Add the ground sirloin, the breakfast sausage, and the salt to a large skillet over medium heat.
As the meat is cooking, use a wooden spoon or spatula to break the sausage apart.
Just before the meat is fully cooked (it should still be a bit pink), stop and drain any grease from the meat (using a colander), and then return to the pan.
Add the hot chicken stock, bring to the boil, and reduce to a slow simmer.
Chef’s Note: I’ve mentioned this before, but I think it bears repeating. In many cases adding a cold ingredient (like cold chicken stock) to hot ingredients, can significantly change the flavor of the dish. Your stock should be hot, almost to the point of boiling.
Continue to slow simmer, uncovered, for 10 minutes. The meat should be brown and crumbly.
Add the chili powder, dry mustard, pepper, cumin, and onion powder, and then continue to simmer until most of the liquid is evaporated, about 30 to 40 minutes, depending on your definition of a slow simmer.
Chef’s Tip: A slow simmer is where there is movement in the pan, but few bubbles are actually breaking the surface.
Chef’s Note: Keep your eyes on the pan, and stir the contents occasionally, if the meat dries out… You’re going to have to start all over again.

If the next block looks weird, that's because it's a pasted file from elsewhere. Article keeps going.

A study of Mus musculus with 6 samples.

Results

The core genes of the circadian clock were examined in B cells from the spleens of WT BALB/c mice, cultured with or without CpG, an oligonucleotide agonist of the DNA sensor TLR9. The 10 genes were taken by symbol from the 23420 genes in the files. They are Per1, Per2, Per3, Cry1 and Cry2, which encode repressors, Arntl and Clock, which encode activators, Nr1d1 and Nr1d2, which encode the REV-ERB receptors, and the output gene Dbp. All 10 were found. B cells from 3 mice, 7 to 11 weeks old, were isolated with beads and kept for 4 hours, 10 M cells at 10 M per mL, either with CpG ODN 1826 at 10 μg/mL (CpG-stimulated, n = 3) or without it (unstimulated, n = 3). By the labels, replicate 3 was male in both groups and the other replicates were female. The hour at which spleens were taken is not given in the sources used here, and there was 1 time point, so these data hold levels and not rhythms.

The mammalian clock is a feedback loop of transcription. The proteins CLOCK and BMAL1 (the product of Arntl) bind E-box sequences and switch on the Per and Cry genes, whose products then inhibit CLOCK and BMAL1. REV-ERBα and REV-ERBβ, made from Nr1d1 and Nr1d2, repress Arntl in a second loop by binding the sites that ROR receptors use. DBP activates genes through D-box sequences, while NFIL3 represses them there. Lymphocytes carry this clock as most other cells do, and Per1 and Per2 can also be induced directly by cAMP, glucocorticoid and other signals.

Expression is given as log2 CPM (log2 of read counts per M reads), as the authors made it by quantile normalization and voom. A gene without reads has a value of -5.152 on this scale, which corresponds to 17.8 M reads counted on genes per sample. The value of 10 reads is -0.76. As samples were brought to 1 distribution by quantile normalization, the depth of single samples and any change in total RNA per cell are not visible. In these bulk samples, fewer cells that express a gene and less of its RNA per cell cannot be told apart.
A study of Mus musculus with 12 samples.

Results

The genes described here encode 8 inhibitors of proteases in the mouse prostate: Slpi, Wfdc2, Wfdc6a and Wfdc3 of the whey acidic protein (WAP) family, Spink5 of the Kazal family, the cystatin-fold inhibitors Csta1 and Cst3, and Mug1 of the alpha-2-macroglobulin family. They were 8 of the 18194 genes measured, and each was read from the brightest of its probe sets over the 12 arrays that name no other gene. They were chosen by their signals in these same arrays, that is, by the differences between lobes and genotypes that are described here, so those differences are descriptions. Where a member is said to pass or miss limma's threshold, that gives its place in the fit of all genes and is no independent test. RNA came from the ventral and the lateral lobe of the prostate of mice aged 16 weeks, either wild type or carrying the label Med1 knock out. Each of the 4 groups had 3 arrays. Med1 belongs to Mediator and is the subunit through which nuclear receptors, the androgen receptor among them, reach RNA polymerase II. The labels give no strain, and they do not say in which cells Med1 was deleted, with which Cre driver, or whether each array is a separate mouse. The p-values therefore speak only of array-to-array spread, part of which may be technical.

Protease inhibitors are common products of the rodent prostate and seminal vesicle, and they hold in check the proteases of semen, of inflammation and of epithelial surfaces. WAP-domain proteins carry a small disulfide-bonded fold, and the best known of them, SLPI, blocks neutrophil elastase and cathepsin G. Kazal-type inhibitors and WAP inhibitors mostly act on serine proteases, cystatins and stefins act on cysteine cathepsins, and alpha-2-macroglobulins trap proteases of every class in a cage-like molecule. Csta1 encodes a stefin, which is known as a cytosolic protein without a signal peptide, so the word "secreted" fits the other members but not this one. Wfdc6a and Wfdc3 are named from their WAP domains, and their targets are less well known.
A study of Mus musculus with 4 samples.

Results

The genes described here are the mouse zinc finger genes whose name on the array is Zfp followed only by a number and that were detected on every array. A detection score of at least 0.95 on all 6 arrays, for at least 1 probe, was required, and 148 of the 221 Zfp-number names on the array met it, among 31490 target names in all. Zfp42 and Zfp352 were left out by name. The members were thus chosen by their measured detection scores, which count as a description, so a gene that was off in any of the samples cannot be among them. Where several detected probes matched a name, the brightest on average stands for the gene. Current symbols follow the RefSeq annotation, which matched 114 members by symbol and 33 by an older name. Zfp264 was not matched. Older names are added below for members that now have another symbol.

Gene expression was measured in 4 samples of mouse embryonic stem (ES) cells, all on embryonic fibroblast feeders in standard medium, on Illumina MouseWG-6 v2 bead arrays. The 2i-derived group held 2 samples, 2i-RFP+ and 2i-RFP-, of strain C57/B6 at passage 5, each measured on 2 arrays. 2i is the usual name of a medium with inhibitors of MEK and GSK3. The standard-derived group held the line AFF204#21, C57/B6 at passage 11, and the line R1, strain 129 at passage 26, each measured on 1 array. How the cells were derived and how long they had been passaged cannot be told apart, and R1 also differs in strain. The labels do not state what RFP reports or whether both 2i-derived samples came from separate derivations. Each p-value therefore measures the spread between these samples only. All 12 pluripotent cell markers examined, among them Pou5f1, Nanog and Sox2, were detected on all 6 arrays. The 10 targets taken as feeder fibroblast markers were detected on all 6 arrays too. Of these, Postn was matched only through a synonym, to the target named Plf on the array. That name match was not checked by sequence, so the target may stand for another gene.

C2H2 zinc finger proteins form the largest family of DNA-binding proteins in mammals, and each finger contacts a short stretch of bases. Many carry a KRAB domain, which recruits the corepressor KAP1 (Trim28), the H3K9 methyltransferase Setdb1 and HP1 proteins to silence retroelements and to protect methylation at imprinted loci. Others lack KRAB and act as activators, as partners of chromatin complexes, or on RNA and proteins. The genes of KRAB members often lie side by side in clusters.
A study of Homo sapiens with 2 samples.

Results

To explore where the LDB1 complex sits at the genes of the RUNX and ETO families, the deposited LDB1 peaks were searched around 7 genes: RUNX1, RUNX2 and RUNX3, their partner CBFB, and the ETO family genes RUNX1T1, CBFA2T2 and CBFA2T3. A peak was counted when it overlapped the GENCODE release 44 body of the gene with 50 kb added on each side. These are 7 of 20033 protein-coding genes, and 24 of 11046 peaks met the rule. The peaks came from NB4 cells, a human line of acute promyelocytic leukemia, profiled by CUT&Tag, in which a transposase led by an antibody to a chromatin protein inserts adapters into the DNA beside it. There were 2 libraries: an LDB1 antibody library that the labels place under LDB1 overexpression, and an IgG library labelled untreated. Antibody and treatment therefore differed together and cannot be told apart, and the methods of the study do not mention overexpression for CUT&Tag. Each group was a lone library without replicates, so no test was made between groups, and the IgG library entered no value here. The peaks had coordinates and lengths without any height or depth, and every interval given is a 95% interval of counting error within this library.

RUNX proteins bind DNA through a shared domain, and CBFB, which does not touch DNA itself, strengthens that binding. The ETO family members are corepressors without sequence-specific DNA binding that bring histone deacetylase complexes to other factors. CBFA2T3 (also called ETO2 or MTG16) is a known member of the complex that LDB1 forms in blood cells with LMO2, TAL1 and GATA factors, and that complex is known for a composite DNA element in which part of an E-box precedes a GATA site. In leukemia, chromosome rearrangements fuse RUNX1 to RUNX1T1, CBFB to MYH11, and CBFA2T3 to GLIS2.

Add the Worcestershire, the rice wine vinegar, and the cup of hot water.
Bring to the boil and then reduce to a slow simmer.
Continue to simmer and stir as the chili begins to thicken to the desired consistency, about 30 to 40 minutes.
Chef’s Tip: The slower the better. If the evaporation process takes an hour that’s fine; it gives the ingredients a chance to meld together. Slow is good.
That’s it; you now have some mighty fine chili for your dogs.
The best way to cook a dog.
First of all I don’t drown my dogs… no way.
Try this way
First, add a bit of water to a sauté pan or skillet, about 1/4 inch.
Put it over medium heat and wait for it to begin to steam.
Add the dogs to pan, and allow them to slowly simmer, until the water boils off.
Give the pan a shake or two as they cook, to move them around.
By the time the water completely boils off; they’re ready.
Chef’s Tip: I have one of those splatter screens that fits over my pans. It’s basically a round piece of screen. When I put the hotdogs in the steaming water, I put the splatter screen on top and lay the hotdog buns on top of that. By the time the dogs are ready, I have steamed buns.
Put some mustard in the bottom of the bun, lay the hotdog on top of that, cover with a generous portion of chili, and then lay some pickle on top of that. Of course we all have our own ways to dress up a dog… Go Crazy with it, and enjoy.